More than 10 years ago I stopped making New Year’s resolutions. The reason being is I finally understood that what we know we should be doing and what we can continually gain permanent control over are two different things.
For example, the Top 3 resolutions—loosing weight, exercising more and being a nicer person—are things we all should be doing all the time. And they are all things we all have done for short spurts of our lives.
On a personal note I’ve beaten two of those three top resolutions: The weight loss and the being a nicer person. Those two I figured out I’m consistent with because of my nature. The weight part I control because I hate to see the obese society that America has become. That, plus I’m just vain enough to care about my looks and health. Next, I believe I’m a nice person because of the way I was raised and being a sales advisor I pretty much have to be.
But the exercise part I just can’t train my mind to consistently do. So that one I can’t seem to make a habit. Fortunately, I have a home on a half acre well manicured lot. The yard work alone gives me about 15 hours a week in non-winter months. Come winter, I do have a larger challenge and I pray for snow just for the shoveling exercise.
Here’s one non-flooring tip for maintaining weight loss: Weigh yourself every morning when you get up. If you don’t agree with me just make it a habit for a month. What you’ll see is that this new habit will remind you every day not to overindulge. Well enough about me and about non-flooring issues.
Back To Old Habits
A long time ago, when I started writing my first training manual, I realized parts of my book were often about things I knew I should be doing but didn’t do as a habit. It was the “do as I say” not the “do what I do” method.
My justification was that a training manual should offer all the right knowledge and honest selling methods for someone to learn them correctly. And, that my shortcomings should not give my readers an excuse to also do it wrong. In fact, in any positive education we learn, we eventually pick and choose what works for us. In my case, I chose not to exercise but decided to change my eating habits to balance out that weakness.
The funny thing for me is, even with all the positive work and selling habits I have I have found that during certain streaks of time I find myself skipping them. But fortunately I have this beginning of the year issue to get me back on track. While normally I have no new resolutions to fail at, I understand that I simply have to go back to implementing the good old habits that keep me successful.
So here’s my good old habit that I often fall away from during each year: Always relax and educate.
Being an educator you’d think this one would never get by me. But I do find it happening. For example, a new customer comes in and says, “I need carpet,” and I start showing samples out of the gate. Then my now non-buyer says the biggest sales killer in history: “Thanks we’ll be back.”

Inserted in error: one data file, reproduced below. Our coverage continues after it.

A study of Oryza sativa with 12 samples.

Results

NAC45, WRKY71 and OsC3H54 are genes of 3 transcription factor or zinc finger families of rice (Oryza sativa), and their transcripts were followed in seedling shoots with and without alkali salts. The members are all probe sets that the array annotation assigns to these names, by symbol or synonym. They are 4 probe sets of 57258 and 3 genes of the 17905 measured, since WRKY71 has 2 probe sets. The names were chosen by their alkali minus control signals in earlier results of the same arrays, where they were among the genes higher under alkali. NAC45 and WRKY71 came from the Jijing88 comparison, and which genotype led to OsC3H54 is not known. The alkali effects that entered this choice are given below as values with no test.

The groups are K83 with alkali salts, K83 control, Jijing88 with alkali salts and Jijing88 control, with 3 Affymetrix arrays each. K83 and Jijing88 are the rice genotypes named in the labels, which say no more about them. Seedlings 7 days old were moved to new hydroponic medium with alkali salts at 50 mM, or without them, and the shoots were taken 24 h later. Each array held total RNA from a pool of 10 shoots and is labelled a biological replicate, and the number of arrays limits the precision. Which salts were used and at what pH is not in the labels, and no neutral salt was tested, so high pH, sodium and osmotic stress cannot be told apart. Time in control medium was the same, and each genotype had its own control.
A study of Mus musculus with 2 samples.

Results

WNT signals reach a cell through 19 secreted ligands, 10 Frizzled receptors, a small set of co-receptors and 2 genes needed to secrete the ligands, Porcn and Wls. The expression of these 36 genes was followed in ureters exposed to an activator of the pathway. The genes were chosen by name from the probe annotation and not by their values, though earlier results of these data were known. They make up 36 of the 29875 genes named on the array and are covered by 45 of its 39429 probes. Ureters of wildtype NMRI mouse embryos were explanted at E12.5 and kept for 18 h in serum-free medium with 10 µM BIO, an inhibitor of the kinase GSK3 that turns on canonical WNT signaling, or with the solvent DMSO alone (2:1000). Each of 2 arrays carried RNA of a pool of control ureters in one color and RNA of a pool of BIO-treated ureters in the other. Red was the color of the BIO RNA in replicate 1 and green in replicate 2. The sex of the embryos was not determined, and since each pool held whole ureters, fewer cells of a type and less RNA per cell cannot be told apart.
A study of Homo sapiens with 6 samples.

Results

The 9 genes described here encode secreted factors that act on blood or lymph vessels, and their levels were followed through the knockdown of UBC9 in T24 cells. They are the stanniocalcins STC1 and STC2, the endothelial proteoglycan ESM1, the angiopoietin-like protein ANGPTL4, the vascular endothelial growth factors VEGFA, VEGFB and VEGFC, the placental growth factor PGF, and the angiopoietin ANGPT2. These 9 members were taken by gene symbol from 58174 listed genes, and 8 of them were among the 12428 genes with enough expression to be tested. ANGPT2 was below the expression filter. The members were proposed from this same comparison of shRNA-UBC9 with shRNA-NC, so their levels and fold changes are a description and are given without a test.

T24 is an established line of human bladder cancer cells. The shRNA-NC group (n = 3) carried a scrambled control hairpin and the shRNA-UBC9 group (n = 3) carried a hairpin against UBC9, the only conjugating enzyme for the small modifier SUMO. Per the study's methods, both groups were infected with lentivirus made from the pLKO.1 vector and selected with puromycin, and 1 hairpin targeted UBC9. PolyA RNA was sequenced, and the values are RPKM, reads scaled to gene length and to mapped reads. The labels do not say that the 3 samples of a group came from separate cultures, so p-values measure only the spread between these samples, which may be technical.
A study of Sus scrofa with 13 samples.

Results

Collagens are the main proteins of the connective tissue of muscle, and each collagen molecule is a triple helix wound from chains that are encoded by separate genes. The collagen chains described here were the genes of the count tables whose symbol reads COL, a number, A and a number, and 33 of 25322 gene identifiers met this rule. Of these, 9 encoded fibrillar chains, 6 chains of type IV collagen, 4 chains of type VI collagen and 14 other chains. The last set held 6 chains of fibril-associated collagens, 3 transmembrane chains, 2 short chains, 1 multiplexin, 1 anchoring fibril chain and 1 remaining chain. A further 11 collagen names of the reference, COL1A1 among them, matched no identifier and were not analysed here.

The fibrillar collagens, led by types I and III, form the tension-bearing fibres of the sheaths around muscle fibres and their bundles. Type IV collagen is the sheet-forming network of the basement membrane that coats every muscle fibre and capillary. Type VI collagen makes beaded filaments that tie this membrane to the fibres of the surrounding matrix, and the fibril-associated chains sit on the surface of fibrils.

When I here that term I pull out my stupid gun out and shoot myself because I’ve given them no reason to think I’m more informative and helpful than the rest of the sales clerks out there.
Don’t Talk Sales
My normal winning method is to take new buyers and warm up to them. Show them that I’m a real person by talking about anything but sales.
For example, with families, it is usually something like me looking at the little girl and saying, “Is your favorite color pink or purple?” Amazingly her answer is always one of those colors. That leads to a few fun stories by the parents and a short story from me about how somehow the young boys of today seem to like the non-color black.
The other opener I enjoy starting a conversation with is when two or three ladies come in together. That opener starts with, “Which one of you is the president of the design committee? Every time the ladies admit who that is and they tell me a few fun openers.
Others things that I call painfully obvious “openers” are people who pull up in either vintage or beautiful cars or trucks. If you miss asking to see that car first, I’ll give you my stupid gun.
Another painfully obvious opener is mentioning work uniforms or logo shirts. It’s just too easy to get someone to relax when you ask, “Are you a nurse at the local hospital here” or “ You’re brave to wear that Raiders jersey in Bronco territory.” In either case you are getting them to start out with a person-to-person conversation. Which again makes you a person first, not a sales vulture.
By getting to be human first you can now avoid the dumbest opening four words in sales history: “May I help you?” This question always brings the brilliant answer, “No I’m just looking.”
Instead you’re now able to comfortably interview your new customers/friends. Start out with, “Tell me what you are trying to achieve?” You can’t get a yes or no answer to that question.
Then it’s time to educate them on the products that fit their situation. You now don’t first run them to the cheap bait-and-switch sale item or to the highest priced item in the store. You educate them on the best product for their lifestyle. And they buy it from you, their new educator and Trusted Sales Advisor.
So if you have to have a resolution this year, resolve yourself to making new good selling habits. And, big surprise here, you can find hundreds of great ethical selling habits when you buy my books. Thanks for reading.